TelluRides, the Newest Player in Regional Transportation
by Peter Shelton
Feb 10, 2011 | 1978 views | 0 0 comments | 13 13 recommendations | email to a friend | print
<b>NEW LIVERY</b> – TelluRides, a new luxury limo service, posed with their vehicles in Ridgway. Left to right: Bill Gunn, Matt McCannel, Tim Patterson, Heather Patterson, Mike Ardoin, Victoria Megahee and Don Guillory. (Photo by Peter Shelton)
NEW LIVERY – TelluRides, a new luxury limo service, posed with their vehicles in Ridgway. Left to right: Bill Gunn, Matt McCannel, Tim Patterson, Heather Patterson, Mike Ardoin, Victoria Megahee and Don Guillory. (Photo by Peter Shelton)

RIDGWAY – What is the difference between a luxury limo service and a shuttle service?

For one thing, according to the Ridgway-based partners in the new TelluRides, with a limo license you can’t put your name and logo on the sides of your vans.

“Mountain Limo and Telluride Express (the two biggest local players in airport shuttle) can advertise on their vehicles,” said partner Tim Patterson, who with friends Don Guillory and Mike Ardoin, is entering his third year with TelluRides. “And they can do mixed parties.”

TelluRides doesn’t do mixed parties. “We are private transportation,” said Heather Patterson, Tim’s wife who, with good friend Victoria Megahee comprises the seven-days-per week reservations team. “We won’t mix parties on you. You have your own driver; you can stop whenever you want, at the liquor store, at the market, stop for lunch. We charge a flat fare for the vehicle from point A to point B.”

“We want to be competitive with the fares shuttles offer,” Patterson added. “Once you get four or five people the pricing structure becomes about the same.”

TelluRides currently has in its fleet two six-passenger Chevy Suburbans and two 15-passenger vans. (Inexplicably, one’s a Ford.)

“We don’t lease, we buy ‘em,” said Guillory, who grew up with Ardoin in Lake Charles, La., “the heart of Cajun country.” Guillory found Ridgway first, about 10 years ago, after an exhaustive search of western North America. (“You know what town came in second? Canmore, Alberta. Both have the magnificent views. But in Ridgway we get an extra month of summer.”) Ardoin followed soon after.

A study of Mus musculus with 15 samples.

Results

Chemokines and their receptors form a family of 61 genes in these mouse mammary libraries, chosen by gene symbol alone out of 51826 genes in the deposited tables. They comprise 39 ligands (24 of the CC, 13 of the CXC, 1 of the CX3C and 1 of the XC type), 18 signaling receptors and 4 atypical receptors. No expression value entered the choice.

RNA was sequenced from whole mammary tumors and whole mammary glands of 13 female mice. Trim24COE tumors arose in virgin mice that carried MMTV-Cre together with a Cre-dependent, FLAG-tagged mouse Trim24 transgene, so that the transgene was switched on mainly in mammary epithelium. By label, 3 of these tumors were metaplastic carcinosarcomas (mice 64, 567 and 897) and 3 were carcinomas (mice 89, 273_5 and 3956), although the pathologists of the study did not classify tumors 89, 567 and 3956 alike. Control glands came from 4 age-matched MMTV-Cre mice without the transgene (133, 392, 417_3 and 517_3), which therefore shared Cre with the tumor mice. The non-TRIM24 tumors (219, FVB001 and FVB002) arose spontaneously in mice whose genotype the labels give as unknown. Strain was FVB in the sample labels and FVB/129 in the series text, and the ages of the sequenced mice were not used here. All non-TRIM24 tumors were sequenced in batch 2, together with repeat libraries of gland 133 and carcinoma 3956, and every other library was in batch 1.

“We’re here to stay,” Guillory continued. “We’re a boutique transportation service. It’s not just a ride. We’d like to become friends for life. We treat our passengers to water and snacks. And local knowledge – we’ve got a captive audience! We’re like reps for the chamber of commerce. We’re not, but in effect we are.”

I noticed the plates on the shiny, black Suburban. They said: Livery. Ardoin, the less voluble Louisianan, chimed in, “That means you can haul everything from people to goats.”

Most of this crew met, interestingly, at the Franz Klammer Lodge in the Telluride Mountain Village. Ardoin and Tim Patterson and Bill Gunn, another of their drivers (the fifth driver is Matt McCannel, who works with Patterson at RIGS, the fly-fishing shop in Ridgway), were all “reception-hosts” at the FKL. Victoria Megahee was the lodge’s reservations manager. “They have an in-house fleet of about a dozen vans,” explained Megahee. “As perks for their owners, they provide transportation to and from the airport.”

“We stepped out from there,” Patterson said. “This is our third year but our first season as a fully-staffed operation, with website and reservations.”

“We want to be like a full-service gas station,” Guillory said. “Take care of everything for you.” The website says they’ll help with hotel reservations, golf tee times, rafting, fishing, dining.

“Not the L.A. ‘pimp’ experience,” Heather Patterson was quick to add. “Don’t put that in the story. But you know what I mean: the glitz and glam. I think the days of the stretch-limo shuttle are done. We offer a comfortable, clean, luxurious ride on the one and one-half hours from Montrose to Telluride. After your long plane ride, you want to be comfortable.”

“We’re the first contact” many people have with the area, Guillory said. “And the last. We truly love the area. And we communicate that.”